Here are some important things to consider when deciding if this investment is right for you.

What Are Zero-Coupon CDs?

Zero-coupon CDs work similarly to normal CDs, except they are purchased for less than the face value on the account. Once purchased, your money is then locked into the CD for the length of the maturity period. That typically ranges anywhere from one month to five years. When your account matures, you’ll receive the full face value of the CD. For example, say you purchase a $5,000 CD for $3,750 with a term length of three years. That works out to a 25% discount. When the CD matures, you’ll receive $5,000—a $1,250 return.

With a traditional CD, you make an initial deposit, and your money is locked into the CD for the duration of the term. A key difference from zero-coupon CDs is that interest accrues as you go with a traditional CD. When the maturity period ends, you’ll get back your initial investment, plus interest. You can also withdraw funds from a traditional CD before it matures, though early withdrawal penalties usually apply.


If this type of CD sounds like a good fit, you can purchase one through a bank or brokerage firm. Comparing interest rates, terms and fees can help you find a zero-coupon CD that’s best for you. Also be sure you can reasonably afford the initial investment. Once your money is in a zero-coupon CD, the only way to access your funds before the maturity date is to sell it on the secondary market. There’s no guarantee you’ll find a buyer, however, and you could lose money on the sale. When you’re ready to get a zero-coupon CD, the next step is completing an application and making the purchase. No further maintenance is required.

Pros and Cons of Zero-Coupon CDs

Pros

  • There’s the potential for high returns: Traditional CDs currently have rates above 5%, which is competitive, but it’s possible to realize more gains with a zero-coupon CD.
  • Risk is low: Returns are guaranteed. CDs offered by banks are also insured for up to $250,000. Brokerage firms provide comparable insurance coverage.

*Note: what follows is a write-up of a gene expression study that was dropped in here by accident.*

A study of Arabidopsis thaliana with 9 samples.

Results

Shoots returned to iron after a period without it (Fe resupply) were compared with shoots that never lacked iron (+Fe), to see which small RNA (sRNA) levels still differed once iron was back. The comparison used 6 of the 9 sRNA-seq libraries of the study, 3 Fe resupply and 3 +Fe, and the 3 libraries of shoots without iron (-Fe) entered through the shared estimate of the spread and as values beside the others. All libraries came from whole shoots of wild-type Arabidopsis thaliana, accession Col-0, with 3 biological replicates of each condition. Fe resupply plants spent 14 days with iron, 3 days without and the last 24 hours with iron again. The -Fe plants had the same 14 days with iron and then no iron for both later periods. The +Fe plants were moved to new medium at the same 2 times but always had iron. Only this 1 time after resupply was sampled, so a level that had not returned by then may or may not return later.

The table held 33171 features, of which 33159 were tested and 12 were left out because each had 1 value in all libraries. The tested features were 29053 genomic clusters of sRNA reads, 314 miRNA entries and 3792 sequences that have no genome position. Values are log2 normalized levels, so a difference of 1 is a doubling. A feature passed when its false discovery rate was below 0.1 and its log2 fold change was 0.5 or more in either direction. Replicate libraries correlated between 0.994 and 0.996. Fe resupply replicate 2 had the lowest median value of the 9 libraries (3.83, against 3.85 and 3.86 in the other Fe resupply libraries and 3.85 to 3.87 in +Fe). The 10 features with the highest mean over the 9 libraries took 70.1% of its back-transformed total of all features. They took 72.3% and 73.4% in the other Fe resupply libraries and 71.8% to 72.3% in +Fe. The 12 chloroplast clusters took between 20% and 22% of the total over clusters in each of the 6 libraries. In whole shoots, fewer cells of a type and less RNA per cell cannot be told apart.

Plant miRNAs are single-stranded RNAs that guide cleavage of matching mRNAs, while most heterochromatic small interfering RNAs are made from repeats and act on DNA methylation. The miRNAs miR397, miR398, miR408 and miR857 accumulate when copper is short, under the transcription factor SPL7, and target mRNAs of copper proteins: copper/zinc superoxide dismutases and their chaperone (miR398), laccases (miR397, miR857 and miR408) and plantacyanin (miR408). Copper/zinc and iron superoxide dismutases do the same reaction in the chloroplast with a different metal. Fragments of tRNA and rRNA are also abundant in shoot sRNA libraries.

• Zero-coupon CDs are easy to open and manage: After opening a zero-coupon CD, there isn’t anything you need to do. The money simply stays in the account until the maturity date. At that point, you’ll receive your initial investment, along with interest. You can then reinvest the money or spend it as you please.

Cons

  • Some zero-coupon CDs are callable: A zero-coupon CD could be called back by the bank or brokerage firm before it matures, then reissued at a lower rate. Callable CDs typically offer higher yields, but you could miss out on potential earnings in the future.
  • Taxes are due along the way: Zero-coupon CDs don’t pay out interest until the end of the term, but you’re responsible for paying taxes on interest that accrues before then.
  • You cannot withdraw funds before the maturity date: If you end up needing money in a zero-coupon CD before the term ends, your only option is to find a buyer on the secondary market and hope for a good price.

Alternatives to Zero-Coupon CDs

  • Traditional CDs: This may be a good option for investors who want more simplicity. CD laddering can help free up liquidity. It involves purchasing multiple CDs with varying maturity dates. When done right, it can free up cash on a rolling basis.
  • Bump-up or step-up CDs: With these types of CDs, the yield can increase if interest rates go up. However, they often start with a lower yield when compared to fixed-rate CDs.
  • IRA CDs: Individual retirement accounts (IRAs) come with attractive tax benefits. An IRA CD is specifically invested for retirement. It’s another potential way to grow your nest egg.
  • High-yield savings accounts: If liquidity is important to you, a high-yield savings account might make sense. You’ll have easy access to your money, though yields tend to be higher with zero-coupon CDs.
  • Money market accounts: This type of account earns interest like a savings account but is also attached to a debit card or checkbook. Yields are often higher with CDs, but money market accounts make it easy to tap your funds as needed.

The Bottom Line

Zero-coupon CDs are considered low-risk investments that provide reliable returns. You’ll know what you’re getting from the outset—and gains tend to outpace traditional CDs. Whether it’s worth it will depend largely on your investment goals and whether you anticipate needing access to your money before the account matures.